1. mikeyboy

    mikeyboy New member

    Jul 29, 2018
    7
    After almost a year caring for my brother he has finally got a diagnosis. He has early onset familial Alzheimer's. He is 40 years old. My wife and I are currently trying to find out what help and support is available both for my brother living with dementia and for us as carers. This is proving problematic because of the young age. Help and advice seems to be mostly aimed at older people. I would be interested to know if anyone else is in this position and experiencing similar difficulties.
     
  2. Grannie G

    Grannie G Volunteer Moderator

    Apr 3, 2006
    69,384
    Kent
    It`s tragic enough for young people to be diagnosed with dementia, it doesn`t help that they draw an even shorter straw when they need support.

    All I can suggest is to try this link to see if there is any support in your brother`s area @mikeyboy. I do hope so.

    https://www.alzheimers.org.uk/get-support
     
  3. Shedrech

    Shedrech Volunteer Moderator

    Dec 15, 2012
    7,935
    Yorkshire
  4. Abbey82

    Abbey82 Registered User

    Jun 12, 2018
    35
    Its a minefield, we were in this situation almost exactly a year ago, although myDad was 59 and not as young as your Brother. However, its the same scenario, the people we have had battle with all because it is perceived as an 'older/senior' persons disease. There is perhaps some help/advice I can provide to you, if you want to drop me a message I can give you an email, or you can just fire away with questions and i'l try to help as much as possible. It sounds like you are doing a great care job already too.
     
  5. Sarahdun

    Sarahdun Registered User

    May 18, 2014
    392
    Didn't find it easy but did find some information from local carer's centre and also from the local charity contracted to provide one-to-one support. Alz Soc should be able to tell you who your local advisors are. The most useful information were the contact details of a specialist employment agency through which I could employ carers myself directly (initially companions to go walking with pwd etc). As I was the employer I could pay a decent wage and it was still much cheaper for me than paying the overheads that care companies charge. The agency charged a small fee and in return calculated the payroll and drew up contracts so everything was legal and everyone was safe. I used pwd's PIP to cover costs and continued to work (eventually part time) myself. We were self-funding. Your brother may get SS help. The employment agency provided lots of carers for younger people with LA allowances.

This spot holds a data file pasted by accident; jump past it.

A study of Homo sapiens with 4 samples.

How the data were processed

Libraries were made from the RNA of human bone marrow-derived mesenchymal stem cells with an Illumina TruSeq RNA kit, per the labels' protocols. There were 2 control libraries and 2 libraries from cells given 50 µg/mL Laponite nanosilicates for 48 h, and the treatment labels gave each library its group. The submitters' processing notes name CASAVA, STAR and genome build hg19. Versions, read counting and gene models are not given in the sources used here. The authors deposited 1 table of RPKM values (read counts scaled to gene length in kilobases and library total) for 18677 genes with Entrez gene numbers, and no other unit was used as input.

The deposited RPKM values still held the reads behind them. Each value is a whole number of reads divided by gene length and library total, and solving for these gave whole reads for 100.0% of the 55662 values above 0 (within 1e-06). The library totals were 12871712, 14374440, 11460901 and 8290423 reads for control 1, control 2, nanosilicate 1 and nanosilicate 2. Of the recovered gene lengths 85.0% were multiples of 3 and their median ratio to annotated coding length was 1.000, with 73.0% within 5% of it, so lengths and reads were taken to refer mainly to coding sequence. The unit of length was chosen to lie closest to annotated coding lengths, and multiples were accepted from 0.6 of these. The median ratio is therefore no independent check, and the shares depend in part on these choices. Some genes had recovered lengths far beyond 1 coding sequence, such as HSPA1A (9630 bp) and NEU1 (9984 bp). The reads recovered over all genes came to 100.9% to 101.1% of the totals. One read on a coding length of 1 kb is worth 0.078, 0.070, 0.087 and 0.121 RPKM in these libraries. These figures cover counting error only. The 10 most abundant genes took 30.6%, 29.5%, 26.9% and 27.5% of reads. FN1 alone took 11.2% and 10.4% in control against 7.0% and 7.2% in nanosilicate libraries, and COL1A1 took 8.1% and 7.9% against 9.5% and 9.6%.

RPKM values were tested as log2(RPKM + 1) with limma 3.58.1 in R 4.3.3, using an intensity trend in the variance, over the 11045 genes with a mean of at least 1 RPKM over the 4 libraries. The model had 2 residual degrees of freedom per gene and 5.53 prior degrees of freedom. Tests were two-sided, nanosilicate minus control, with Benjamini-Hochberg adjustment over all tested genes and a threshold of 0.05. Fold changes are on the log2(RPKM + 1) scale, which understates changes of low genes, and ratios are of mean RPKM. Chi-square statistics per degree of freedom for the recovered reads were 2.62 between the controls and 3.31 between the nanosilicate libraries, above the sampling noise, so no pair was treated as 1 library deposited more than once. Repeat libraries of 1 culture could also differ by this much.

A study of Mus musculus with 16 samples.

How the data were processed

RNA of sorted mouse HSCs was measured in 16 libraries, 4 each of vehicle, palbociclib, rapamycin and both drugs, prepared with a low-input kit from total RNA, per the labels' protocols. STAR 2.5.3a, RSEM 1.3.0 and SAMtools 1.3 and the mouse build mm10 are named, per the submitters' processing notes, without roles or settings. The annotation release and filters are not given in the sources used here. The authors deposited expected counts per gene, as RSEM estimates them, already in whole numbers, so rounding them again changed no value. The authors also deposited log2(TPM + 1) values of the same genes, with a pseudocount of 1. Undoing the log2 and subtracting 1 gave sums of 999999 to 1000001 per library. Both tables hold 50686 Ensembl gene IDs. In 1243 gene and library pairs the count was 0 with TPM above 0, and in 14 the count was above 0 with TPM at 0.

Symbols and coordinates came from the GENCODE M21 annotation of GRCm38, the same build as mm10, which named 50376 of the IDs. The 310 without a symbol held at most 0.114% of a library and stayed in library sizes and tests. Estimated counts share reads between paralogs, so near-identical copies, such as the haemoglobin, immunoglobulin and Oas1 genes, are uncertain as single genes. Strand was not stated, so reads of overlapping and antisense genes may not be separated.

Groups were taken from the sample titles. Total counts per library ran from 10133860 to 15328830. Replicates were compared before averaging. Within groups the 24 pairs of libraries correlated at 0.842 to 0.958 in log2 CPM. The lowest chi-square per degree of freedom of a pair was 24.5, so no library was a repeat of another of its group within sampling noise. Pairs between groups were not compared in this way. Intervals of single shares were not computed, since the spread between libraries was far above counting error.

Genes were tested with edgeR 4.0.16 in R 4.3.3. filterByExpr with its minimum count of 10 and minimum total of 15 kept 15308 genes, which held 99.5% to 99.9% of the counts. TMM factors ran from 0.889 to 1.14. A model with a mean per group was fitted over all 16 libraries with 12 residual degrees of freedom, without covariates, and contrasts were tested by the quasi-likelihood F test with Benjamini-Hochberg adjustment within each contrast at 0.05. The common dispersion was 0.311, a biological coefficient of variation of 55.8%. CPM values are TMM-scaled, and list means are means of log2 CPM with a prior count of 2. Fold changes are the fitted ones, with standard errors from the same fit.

6. Rich PCA Carer

    Rich PCA Carer Registered User

    Another useful starting point is Rare Dementia Support, http://www.raredementiasupport.org/, since familial Alzheimer’s is not common. Look for information about FAD.

    If your brother is not independently wealthy, he should be entitled to ESA, provided they agree that he is unable to work.

    My wife is 65 and has PCA and as care homes go, this is very young, so we are looking to keep her at home as long as possible. We don’t need carers yet, she was diagnosed 4 years ago, but that time will be upon us all too soon.